A Lost Girl
by Rebecca Deng
My name is Rebecca Ajueny Nyanwut de Deng de Awel. If I were introducing myself in South Sudan, I would start with my dad’s side of the family—Rebecca Ajueny Nyanwut de Deng de Awel de Luk de Ajang de Padiet de Ajang. Then I would go on to list my mother’s side—Ajueny Nyanwut de Achol de Riak de Gong de Anyieth. My name is long because our tradition dictates that we say our name to at least the third generation. Growing up, I learned the names of my ancestors to the fifteenth generation, but now I struggle to remember some of them. I was born into the Hol clan of the Dinka tribe. I come from the Pathiel line in a subclan called Pan-Aluk.
And I am from the house of Ajang, Pan-Awel Luk. That’s a lot to remember!
I am from the village of Aruai Mayen in the Duk Padiet region, which is on the border of Dinka and Nuer land. The village was in Jonglei state in what is now South Sudan, although now it has vanished.
I survived the Bor Massacre of 1991, which completely wiped out my village, killed thousands of people in one attack, and displaced 100,000. The Sudanese civil war killed roughly 2 million people and displaced 4 million. I was one of those displaced.
I am one of the Lost Girls of South Sudan. I am not the first or the last Lost Girl. Much has been told of the 40,000 Lost Boys who were orphaned and fled the country on foot to Ethiopia or served as child soldiers, and of the 3,700 Lost Boys who came to the United States as refugees. Few stories have come out about the eighty-nine Lost Girls who found their way from Kakuma Refugee Camp to the USA. There are many reasons why so few girls made it out of Sudan or the refugee camps. Some were either killed, married off at the tender ages of fifteen or younger, sold as slaves, or are still living in a refugee camp, with little hope for a brighter future. That’s what
war did to the tens of thousands of innocent children who lost everything—their childhood, their innocence, their families, their homes, even their lives.
Yet in the midst of war, of devastating loss, I experienced something unexpected. My life has been one of experiencing grace upon grace. God walked patiently with me through the darkest days to show me that I am His child and that He cares about me, although I didn’t always see it clearly. It’s difficult to see clearly through pain and trauma.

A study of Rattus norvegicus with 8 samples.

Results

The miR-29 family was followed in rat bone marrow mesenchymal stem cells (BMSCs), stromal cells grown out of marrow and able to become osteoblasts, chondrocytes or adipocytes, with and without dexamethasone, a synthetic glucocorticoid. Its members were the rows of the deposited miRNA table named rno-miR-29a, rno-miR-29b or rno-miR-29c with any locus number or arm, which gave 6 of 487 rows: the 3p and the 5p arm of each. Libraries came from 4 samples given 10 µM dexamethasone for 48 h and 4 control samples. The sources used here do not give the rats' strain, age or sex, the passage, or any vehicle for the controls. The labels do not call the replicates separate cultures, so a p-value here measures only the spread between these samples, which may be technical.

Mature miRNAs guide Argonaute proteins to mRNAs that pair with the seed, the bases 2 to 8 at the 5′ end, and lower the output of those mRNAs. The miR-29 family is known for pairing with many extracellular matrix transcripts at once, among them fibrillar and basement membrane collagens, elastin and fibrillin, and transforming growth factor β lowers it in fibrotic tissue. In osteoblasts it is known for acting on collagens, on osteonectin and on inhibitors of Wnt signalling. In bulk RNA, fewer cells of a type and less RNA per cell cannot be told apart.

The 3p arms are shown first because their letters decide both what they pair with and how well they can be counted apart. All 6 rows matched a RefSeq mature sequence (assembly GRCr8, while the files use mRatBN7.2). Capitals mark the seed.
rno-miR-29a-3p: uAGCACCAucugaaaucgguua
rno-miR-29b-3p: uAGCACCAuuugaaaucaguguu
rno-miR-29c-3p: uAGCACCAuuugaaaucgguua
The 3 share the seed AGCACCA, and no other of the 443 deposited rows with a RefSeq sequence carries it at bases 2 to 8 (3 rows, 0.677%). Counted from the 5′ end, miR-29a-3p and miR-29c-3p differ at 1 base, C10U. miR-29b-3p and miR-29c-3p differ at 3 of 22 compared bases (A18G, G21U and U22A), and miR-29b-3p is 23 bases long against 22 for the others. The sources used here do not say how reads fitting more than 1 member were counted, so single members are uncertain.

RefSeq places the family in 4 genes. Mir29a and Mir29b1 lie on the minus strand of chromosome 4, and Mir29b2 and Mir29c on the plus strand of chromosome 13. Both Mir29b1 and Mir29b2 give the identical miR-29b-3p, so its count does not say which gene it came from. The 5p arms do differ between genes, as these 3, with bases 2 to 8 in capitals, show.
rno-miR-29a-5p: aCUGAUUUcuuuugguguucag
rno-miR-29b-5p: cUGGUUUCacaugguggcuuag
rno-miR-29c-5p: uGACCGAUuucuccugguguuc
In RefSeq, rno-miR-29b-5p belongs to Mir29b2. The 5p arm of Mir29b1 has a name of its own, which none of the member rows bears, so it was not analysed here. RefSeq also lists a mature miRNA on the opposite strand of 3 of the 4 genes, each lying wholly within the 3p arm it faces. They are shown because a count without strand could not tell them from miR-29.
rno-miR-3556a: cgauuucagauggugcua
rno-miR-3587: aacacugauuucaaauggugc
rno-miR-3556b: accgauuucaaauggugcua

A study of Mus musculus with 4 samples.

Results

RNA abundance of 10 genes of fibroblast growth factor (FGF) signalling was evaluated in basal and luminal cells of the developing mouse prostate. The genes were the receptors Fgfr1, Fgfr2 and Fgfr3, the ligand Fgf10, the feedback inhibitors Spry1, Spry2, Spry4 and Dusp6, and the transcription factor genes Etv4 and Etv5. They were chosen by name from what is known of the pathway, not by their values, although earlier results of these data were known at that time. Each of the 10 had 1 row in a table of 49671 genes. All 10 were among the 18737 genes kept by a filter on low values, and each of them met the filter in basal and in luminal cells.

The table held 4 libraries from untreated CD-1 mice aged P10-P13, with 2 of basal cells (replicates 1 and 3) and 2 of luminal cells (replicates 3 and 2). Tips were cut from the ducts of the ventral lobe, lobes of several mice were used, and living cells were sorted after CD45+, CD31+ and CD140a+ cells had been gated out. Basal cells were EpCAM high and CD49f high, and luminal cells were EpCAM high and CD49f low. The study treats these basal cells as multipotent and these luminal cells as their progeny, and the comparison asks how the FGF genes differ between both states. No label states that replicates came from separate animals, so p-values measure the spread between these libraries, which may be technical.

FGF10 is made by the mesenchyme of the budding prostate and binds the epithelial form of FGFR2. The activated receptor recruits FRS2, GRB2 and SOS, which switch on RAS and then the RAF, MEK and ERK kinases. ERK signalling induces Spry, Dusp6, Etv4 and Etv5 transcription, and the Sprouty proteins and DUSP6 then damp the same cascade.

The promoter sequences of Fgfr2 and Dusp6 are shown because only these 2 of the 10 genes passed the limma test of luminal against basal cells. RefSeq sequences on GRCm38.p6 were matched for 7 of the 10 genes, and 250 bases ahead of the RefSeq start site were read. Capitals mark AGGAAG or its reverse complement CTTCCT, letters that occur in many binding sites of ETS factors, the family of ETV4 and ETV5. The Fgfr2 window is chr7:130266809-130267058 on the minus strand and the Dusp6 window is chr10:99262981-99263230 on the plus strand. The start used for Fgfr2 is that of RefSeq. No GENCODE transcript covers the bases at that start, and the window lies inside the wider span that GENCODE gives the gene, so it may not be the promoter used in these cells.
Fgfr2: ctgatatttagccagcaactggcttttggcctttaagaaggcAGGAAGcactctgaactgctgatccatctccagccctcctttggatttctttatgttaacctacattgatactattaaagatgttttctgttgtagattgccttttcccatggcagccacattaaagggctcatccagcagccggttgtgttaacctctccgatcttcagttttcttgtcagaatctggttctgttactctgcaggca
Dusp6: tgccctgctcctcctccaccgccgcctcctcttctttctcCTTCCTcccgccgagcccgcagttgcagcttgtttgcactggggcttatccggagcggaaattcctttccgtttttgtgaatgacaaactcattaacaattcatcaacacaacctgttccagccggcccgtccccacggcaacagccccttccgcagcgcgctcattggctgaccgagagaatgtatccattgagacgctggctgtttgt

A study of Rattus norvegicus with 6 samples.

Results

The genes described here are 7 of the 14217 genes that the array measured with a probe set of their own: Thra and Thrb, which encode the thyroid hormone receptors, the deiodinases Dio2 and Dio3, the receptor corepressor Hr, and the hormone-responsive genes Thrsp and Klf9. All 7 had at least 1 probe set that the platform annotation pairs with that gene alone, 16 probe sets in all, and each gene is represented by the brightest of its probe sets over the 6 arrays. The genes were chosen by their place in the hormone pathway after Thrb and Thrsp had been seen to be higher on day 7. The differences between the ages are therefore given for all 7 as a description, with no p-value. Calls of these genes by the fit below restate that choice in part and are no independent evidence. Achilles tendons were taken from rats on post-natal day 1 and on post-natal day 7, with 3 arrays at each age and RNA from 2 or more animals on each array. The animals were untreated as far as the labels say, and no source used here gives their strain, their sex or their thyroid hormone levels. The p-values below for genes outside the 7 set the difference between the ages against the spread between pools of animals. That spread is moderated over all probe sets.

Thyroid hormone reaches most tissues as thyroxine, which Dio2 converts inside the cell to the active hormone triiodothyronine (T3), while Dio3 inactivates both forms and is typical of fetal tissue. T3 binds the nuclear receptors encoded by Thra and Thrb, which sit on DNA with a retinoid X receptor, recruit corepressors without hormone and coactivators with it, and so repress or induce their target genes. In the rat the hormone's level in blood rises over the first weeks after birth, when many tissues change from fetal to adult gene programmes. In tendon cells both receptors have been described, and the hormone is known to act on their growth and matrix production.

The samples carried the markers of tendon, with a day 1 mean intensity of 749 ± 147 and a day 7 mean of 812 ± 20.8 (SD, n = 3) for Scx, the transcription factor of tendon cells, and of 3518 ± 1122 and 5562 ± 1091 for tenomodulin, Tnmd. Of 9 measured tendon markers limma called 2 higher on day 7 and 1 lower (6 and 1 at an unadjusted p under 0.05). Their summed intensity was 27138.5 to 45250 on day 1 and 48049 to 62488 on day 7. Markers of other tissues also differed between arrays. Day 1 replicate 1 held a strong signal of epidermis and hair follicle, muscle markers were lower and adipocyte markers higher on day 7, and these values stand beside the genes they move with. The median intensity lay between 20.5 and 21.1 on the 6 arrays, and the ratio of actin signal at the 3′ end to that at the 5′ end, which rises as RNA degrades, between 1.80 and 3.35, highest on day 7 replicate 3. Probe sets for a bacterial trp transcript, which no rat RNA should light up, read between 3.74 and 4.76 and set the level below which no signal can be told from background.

But even in the midst of those prayers, I know God sees it all, and one day He will redeem all of creation. Until that time, I know our job is “to do justice, and to love kindness, and to walk humbly with your God” (Micah 6:8).
I have learned that the greatest thing in the world is to love. There is no religion, race, class, gender, or anything on this earth better than loving others. This is God’s mission, and He invites us to join Him in loving all people. Growing up, I didn’t understand this concept, especially regarding the Khartoum government or Riek Machar, who caused personal suffering for me. I wanted them to suffer as I had suffered. And yet God taught me about the power of love, of hope, and of never giving up.
Even though I am a former refugee from one of the deadliest wars in our history, often I haven’t wanted to share my story, because reliving parts of it has been painful. Though many of my friends and work colleagues encouraged me to share, still I battled it. It would be much easier to focus on helping others heal than exposing my own trauma.
And so, this is my story.
Rebecca Deng, of South Sudan’s Dinka tribe, is one of the 89 Lost Girls who came to the United States in 2000 as a refugee after living eight years in Kakuma Refugee Camp in northern Kenya. The violence she experienced as a child during the Second Sudanese Civil War (1983-2005) has given her a deep empathy for children and young adults who face similar situations today. She became a US citizen in 2006. Today Rebecca is an international speaker and advocate for women and children who have been traumatized and victimized by war. She has spoken at the United Nations and served as a Refugee Congress delegate at the United Nations High Commissioner for Refugees (UNHCR) in Washington DC. She also led a 65-person team of referendum workers at the 2011 Out of the Country Voting Center for the South Sudanese Independence Referendum. She worked with the American Bible Society’s Mission Trauma Healing program, formerly called “She’s My Sister.” She is married and has three children.